No visit to Thailand is complete without a visit to Kanchanaburi, unless your only interested in the go-go bars of Pattaya or the beaches of Koh Samui that is. For those of you who love to lap up the sites and culture then there’s no better place to do so than this most amazing province.
Not only is Kanchanaburi one of the most picturesque parts of Thailand with its jungle covered hills and natural waterfalls such as Erawan and Sai Yok, it also home to some of the most historic sites of World War II, engineered by the invading Japanese imperial army and built in the blood of the allied prisoners of war.
The Bridge over the River Kwai, or definitely a bridge that crosses a river, built by POW’s under the supervision of the Japanese army is a curved steel bridge constructed to join Burma with the Kingdom of Siam during Japanese occupation. The Bridge over the River Kwai was made famous by Pierre Boulle’s book of the same name, originally it crossed the Mae Khlung river but Pierre Boulle got his facts slightly wrong as he had never visited the region, however this was no problem for the Thai goverment who changed the name of the river to the Kwae Yai to accomodate the thousands of tourists that visit it every year.
The curved steel spans of the Bridge on the River Kwai were brought in by the Japanese from Java, but the two straight sided spans were imported from Japan after the war to repair the bridge that was damaged in the allied bombing campaigns during the Asia-Pacific War.
Wampo Viaduct is a long winding trestle bridge that clings to the cliff side on a stretch of the Burma-Siam railway between the River Kwae Bridge and Nam Tok stations. Built by the allied prisoners of war, this magnificent bridge is an impressive piece of engineering and a train ride along its rails is a must for those visiting Thailand. Wampo Viaduct which is also spelt Wang Po was also featured in the Michael J. Fox, Vietnam War movie ‘Casualties of War’.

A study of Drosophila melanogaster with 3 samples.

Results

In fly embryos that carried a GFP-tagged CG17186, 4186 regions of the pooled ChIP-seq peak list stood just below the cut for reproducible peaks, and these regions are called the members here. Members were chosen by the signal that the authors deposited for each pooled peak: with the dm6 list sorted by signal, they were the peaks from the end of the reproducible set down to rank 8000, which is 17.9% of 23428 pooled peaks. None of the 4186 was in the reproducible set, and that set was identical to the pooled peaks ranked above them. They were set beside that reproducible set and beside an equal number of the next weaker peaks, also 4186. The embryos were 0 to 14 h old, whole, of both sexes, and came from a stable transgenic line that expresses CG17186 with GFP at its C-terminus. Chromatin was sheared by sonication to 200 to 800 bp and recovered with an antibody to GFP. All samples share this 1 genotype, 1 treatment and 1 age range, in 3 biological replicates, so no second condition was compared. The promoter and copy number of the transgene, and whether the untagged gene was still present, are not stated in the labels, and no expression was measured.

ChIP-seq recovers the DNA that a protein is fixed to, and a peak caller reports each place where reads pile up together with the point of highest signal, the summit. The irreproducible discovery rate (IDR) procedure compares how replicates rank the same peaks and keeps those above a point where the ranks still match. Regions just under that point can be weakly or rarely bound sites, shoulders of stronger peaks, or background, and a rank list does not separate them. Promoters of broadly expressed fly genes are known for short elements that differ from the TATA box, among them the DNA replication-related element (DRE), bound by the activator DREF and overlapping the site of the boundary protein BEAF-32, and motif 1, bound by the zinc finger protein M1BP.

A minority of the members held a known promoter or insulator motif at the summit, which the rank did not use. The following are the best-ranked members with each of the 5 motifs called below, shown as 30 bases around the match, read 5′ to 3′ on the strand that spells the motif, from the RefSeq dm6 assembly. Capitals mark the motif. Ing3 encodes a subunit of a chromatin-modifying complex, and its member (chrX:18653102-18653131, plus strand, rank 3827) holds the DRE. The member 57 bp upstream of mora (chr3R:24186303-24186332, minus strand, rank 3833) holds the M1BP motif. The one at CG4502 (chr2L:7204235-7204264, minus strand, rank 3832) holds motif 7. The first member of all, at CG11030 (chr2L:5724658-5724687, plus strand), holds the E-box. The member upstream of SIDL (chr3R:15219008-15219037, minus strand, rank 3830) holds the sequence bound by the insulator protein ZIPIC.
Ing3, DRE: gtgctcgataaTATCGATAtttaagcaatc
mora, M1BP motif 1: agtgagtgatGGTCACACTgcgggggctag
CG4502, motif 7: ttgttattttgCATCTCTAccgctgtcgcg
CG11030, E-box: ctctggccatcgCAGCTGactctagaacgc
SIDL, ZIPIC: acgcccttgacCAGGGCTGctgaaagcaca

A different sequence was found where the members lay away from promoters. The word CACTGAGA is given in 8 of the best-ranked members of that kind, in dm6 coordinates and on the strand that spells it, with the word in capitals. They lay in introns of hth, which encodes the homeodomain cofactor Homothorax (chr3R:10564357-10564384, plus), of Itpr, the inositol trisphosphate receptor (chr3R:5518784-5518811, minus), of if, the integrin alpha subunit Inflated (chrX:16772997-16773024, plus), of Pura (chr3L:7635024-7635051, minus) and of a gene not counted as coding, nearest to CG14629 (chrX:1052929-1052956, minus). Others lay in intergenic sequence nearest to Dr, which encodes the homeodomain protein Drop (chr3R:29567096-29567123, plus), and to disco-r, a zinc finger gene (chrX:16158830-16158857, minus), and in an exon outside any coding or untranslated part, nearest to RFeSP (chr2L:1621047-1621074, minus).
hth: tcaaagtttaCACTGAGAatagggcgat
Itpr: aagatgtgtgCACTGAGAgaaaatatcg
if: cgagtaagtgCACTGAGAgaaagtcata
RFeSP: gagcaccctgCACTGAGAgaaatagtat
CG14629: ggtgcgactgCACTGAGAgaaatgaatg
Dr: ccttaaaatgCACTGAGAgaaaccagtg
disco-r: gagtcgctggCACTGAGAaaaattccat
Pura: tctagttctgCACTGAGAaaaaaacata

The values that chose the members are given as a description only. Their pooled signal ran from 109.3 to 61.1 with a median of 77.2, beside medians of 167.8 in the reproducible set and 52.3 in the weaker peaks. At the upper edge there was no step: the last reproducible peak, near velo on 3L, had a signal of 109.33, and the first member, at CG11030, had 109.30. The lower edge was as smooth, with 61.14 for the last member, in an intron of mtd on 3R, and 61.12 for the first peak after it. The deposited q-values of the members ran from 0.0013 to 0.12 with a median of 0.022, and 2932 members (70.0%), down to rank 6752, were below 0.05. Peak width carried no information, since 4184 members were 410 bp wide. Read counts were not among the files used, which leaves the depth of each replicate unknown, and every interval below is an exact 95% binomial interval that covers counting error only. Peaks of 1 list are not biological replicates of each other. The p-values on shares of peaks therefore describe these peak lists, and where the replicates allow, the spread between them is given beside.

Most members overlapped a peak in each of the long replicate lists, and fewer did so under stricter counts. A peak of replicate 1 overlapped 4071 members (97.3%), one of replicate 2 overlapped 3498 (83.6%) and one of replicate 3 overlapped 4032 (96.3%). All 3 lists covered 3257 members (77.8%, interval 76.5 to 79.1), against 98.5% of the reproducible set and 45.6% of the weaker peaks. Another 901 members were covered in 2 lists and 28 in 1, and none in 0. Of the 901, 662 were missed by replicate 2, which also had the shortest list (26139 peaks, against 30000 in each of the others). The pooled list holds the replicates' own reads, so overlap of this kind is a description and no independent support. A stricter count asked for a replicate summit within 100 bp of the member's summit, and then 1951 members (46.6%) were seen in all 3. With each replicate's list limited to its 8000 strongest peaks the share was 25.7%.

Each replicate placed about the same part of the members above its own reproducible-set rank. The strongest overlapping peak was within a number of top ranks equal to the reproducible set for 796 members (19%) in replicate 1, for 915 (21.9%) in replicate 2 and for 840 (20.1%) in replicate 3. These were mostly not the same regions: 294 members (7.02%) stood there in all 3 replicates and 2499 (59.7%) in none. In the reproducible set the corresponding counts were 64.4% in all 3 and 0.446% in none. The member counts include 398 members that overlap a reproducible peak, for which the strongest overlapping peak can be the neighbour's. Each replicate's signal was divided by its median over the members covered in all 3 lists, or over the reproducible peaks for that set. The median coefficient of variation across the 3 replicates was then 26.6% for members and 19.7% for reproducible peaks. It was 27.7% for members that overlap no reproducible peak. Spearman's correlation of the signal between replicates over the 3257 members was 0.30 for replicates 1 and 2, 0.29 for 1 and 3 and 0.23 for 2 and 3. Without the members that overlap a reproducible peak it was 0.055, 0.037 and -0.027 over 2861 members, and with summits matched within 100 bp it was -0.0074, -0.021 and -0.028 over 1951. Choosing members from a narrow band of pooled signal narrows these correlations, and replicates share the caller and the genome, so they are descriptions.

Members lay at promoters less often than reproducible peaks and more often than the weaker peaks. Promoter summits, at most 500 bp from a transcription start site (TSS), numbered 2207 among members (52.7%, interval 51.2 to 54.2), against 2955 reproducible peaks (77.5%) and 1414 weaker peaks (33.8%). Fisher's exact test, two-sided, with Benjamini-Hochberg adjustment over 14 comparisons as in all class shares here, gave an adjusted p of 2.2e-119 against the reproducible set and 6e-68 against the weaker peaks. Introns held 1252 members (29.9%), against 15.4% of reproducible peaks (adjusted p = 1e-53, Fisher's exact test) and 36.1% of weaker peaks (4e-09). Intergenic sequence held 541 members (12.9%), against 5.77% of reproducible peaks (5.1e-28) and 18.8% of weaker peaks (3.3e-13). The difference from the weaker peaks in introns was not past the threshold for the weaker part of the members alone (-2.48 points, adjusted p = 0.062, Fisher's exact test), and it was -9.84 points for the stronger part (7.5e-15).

Konyu Cutting or Hellfire pass as it is more commonly known, is located on a disused section of the track about 50 miles north of Kanchanaburi. The cutting now serves as memorial to those 80,000 Asian labourers and 13,000 prisoners of war who died making the railway during the Asia-Pacific War and sits on 7km of the track cleared by the Australian government out of respect.
Konyu Cutting was given the nickname Hellfire Pass by the POW’s who worked at the site due to the way it looked at night working by torchlight cutting through the solid rock using nothing but hand tools.
It is said that there was one life lost for every sleeper that was laid on the Burma-Thai railway and so it is become known as the ‘Death Railway’, a dark history that has become part of Thailand’s heritage and to be enjoyed in memory of those who died there.
With all this and much, much more sites to see and visit its easy to see why Kanchanaburi holds some of the best sightseeing in Thailand. Visit our site to see these tours in detail more amazing tour destinations in Kanchanaburi.